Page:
STATE BUDGET: The level of expenditures in the Vermont state budget is unsustainable until such time as a significant and reliable increase in revenues is seen. The only way to increase those revenues is to grow the economy, which needs to happen but will not occur overnight. In the meantime, the challenge to the new legislature is two-fold:
(a) Find areas of unnecessary expense by assessing need for services currently provided. Many positions have already been eliminated, and staff is often trying to do just as much with very limited personnel. This may reduce the quality and efficiency of essential services. Every agency and department must consider what services can be eliminated or provided in a different, less costly way. It will be important to include all employees in this effort.
(b) At the same time, make investments and adjustments to strengthen Vermont’s economy and job growth.
EDUCATION FUNDING: Anyone who studies the education funding system and adjustments made to it in the last few years—or even worse, tries to explain it to someone else—knows how incredibly complex and confusing it is. Schools are primarily funded through a statewide property tax on residential and commercial property with an income sensitivity component for reducing payment by homeowners with household incomes of $90,000 or less.
Far more than to the funding system itself, taxpayers object to the cost. Despite recent legislative efforts and hard work by school boards to hold costs down, taxpayers often say it is not enough, pointing out dropping enrollments. The Vermont League of Cities and Towns may recommend the creation of a new system that includes a focus on cost containment. I feel the legislature must again consider public concerns regarding cost, always mindful of the importance of providing high quality education to our young people.
ENERGY: The availability of reliable energy at a predictable cost is a basic need of homeowners and is an important factor when businesses and manufacturers consider locating in Vermont. Vermont Yankee provides about a third of the state’s electricity at a rate lower than other sources, but serious concerns have come to light regarding safety and management of the facility. These concerns must, of course, be thoroughly investigated. If the facility is deemed safe and reliable with an acceptable plan for monitoring and maintaining future safety, I would support renewal of the Vermont Yankee license. VY has served us well, but we must be assured that it will continue to do so.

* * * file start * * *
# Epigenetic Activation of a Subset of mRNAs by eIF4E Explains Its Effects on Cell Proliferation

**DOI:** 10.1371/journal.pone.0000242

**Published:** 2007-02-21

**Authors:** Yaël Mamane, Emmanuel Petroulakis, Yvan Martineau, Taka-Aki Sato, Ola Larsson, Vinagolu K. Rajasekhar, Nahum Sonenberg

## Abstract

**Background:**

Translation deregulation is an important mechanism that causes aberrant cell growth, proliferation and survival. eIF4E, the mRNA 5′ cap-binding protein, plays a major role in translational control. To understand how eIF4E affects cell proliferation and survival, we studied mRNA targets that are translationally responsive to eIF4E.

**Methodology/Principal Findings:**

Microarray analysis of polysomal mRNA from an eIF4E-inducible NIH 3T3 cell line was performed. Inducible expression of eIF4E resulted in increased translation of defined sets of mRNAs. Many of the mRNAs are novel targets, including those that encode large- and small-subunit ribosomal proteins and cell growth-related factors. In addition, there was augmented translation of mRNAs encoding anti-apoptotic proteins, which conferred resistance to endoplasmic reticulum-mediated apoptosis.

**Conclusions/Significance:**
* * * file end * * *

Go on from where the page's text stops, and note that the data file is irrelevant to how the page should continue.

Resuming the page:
A new contract with Hydro Quebec will provide an important and reliable energy source at competitive rates. I also support expanded development of cost effective alternative energy sources. Solar, wind, biomass, and small hydro projects all have a place in a balanced energy portfolio.
AGRICULTURE: Our farmers, many in difficult situations because of milk prices, often are issued costly requirements when environmental regulations are put into place. Financial assistance in implementing any new regulatory requirements could be helpful.
The Agriculture Department could present opportunities for and help with diversification. They could help find and coordinate new markets. Existing efforts can be continued and increased, including use of local products in Vermont institutions, promotion of agri-tourism, and support for makers of wine and hard liquor. Further development of biomass projects, some using grass products and timber, can be encouraged.
HEALTH CARE: I do not believe Vermont should embark on another health care plan at this time. The Blueprint for Health, which includes emphasis on healthy behaviors and preventing chronic disease, has not yet been fully implemented, and the new federal program’s effects are still an unknown. We need time to determine if changes are necessary. That said, legislation providing medical malpractice reform would be in order at this time. Such a law would protect patient rights and safety but discourage frivolous lawsuits that increase the cost of health care for us all.
JOBS: Good jobs don’t just happen. They are provided by good employers, and Vermont must work with existing and potential new employers to increase job openings. We need incentives for entrepreneurs to start a business in Vermont and for competitive, financially sound, and environmentally friendly companies to locate here. We need to expedite permitting for businesses seeking to expand their facilities.
We need to promote/expand existing initiatives and supports: Buy Local efforts, Vermont Employment Growth Incentive (VEGI), the Small Business Development Center (SBDC), the Vermont Economic Development Authority (VEDA). All can help our businesses survive the current economic situation and support job growth as we emerge from it.